By Chung Ah-young, The Korea Times, May 9, 2011

Seoul, South Korea -- Religion has improved the quality of spiritual life of human beings and influenced societal development for a long time through various moral roles in the public sphere by giving ethical inspiration to civil society activity and political discussion.

<< Zen-Master Subul, head of the Anguk Zen Center, speaks during an interview with The Korea Times.
/ Korea Times photo by Shim Hyun-chul

Zen-Master Subul, head of the Anguk Zen Center, stresses the very essence of Buddhism, particularly Seon (Zen) Buddhism — the spiritual guidance — to show people the right direction with a balance between materialistic and spiritual civilizations.

To commemorate Buddha’s Birthday which falls today, Master Subul, who puts the Buddha’s teachings into practice, talked about his vision on Seon Buddhism through “ganhwaseon” in an interview with The Korea Times. Ganhwaseon is a traditional way of Seon meditation in which the main practice is to investigate “hwadu” in order to attain enlightenment toward True Nature.

Q: What is the purpose of ganhwaseon and why is it so important for people living in modern society?

A: The ganhwaseon meditation training is to help people attain enlightenment from ignorance and elevate them from reality to a higher level of another world. In the past, ganhwaseon trainings were done mostly by Buddhist monks in deep mountains of the remote places and deemed as the difficult method that laymen can hardly follow. But as we brought the meditation centers to the hearts of the urban areas, now people from all walks of life can take part in Seon meditation and have more opportunities to find their true self. This is a very voluntary practice to attain freedom within ourselves. The center is open to all the people. Through meditation, people can develop their own perspectives which are able to see the directions of where we should go. We want to pass the traditional meditation method earned by our ancestors to the next generation.

Q: Compared to Japan’s Zen and China’s Chan, Korea’s Seon is less known to the world despite its time-honored tradition. What do you think about it?

A: Although many foreigners experience Korean Buddhism through the temple stay programs, the world’s academic circles still think of Chinese “Chan” or Japanese “Zen” first but still remain unfamiliar with Korean “Seon.” But Korean Seon Buddhism preserves the original form of the traditional Buddhism than any other world. Unfortunately we didn’t have an opportunity to let it be known to the world like Japan which did it 100 years ago. Now it is the right time to promote our Seon culture to the world. Actually, last year, Dongguk University held an international seminar titled “Ganhwaseon, Illuminating the World” by inviting world-renowned scholars. They participated not only in the academic seminar but also in the actual experience practice of ganhwaseon. New Hampshire University professor and Buddhist monk Ven. Hyemin and Robert Buswell, professor of Buddhist Studies of UCLA took part in the conference. They went back home with our meditation method. That’s a starting point to globalize ganhwaseon. Many Seon practitioners have made the efforts to bring enlightenment by preserving Buddhist teachings to the world in their own ways. We’re late but I am sure there will be a change in perception of the global understanding of the Korean Seon Buddhism.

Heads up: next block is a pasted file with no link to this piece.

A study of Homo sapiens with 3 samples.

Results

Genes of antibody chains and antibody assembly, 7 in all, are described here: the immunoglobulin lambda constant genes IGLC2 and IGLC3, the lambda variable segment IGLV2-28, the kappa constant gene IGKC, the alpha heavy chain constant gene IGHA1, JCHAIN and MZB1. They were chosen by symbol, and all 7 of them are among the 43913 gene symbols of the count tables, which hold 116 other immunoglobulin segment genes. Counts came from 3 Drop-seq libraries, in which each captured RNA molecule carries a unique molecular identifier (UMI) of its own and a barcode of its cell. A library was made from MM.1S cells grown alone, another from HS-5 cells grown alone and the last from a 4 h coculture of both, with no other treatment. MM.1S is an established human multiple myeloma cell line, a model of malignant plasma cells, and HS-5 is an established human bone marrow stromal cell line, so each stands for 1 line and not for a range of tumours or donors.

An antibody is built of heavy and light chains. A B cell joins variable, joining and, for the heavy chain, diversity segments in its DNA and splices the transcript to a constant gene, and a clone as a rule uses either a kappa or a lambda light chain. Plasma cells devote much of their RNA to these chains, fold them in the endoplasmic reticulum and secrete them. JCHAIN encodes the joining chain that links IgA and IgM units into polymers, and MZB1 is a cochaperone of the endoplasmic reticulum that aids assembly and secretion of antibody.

Q: To materialize globalization of “ganhwaseon,” what kind of the efforts should be made?

A: First of all, we should establish our identities before letting it become known to the world. Seon meditation has been deeply rooted in our spiritual foundation and has persisted through ups and downs in our history. The culture has shaped our mental and world views for Koreans regardless of whether they are Buddhists or not. That’s an integral part of Korean traditional culture and also the portrait of what we Koreans are now. So we have to perceive our true identity rooted in Buddhism and then get it to the world. Ganhwaseon has unique characteristics of Korean Seon Buddhism by giving a short, clear answer to questions about the quest of truth and suggests a way to live in confidence with freedom.

Q: What do you think about the role of religion, particularly Buddhism in our society?

A: Religion in any kind has influenced human beings in many ways. The current civilization built up through science and technology is at the peak of development at a stunning pace in the human history. All these achievements are possible because of the role of religion. Religion has played an important role to strike the balance between the materialistic and spiritual civilizations to prevent chaos and confusion ensuing scientific, economic and technological progress. Religion is a spiritual leader for human beings by showing the direction of where they should go. Religious leaders sometimes aggressively engage in social and political movements when the nation is driven into confusion and difficulty. But after society is back on track, religious leaders should be also back to their original duty as a spiritual guide. We should help the suffering people achieve a comfortable life and make them content with their life. That’s what we are doing as a religious leader. Ganhwaseon is the process of achieving this kind of duty. The meditation is making people open their eyes to the values of human beings regardless of religion. The religion shouldn’t be a purpose. We should ask the core nature of religion.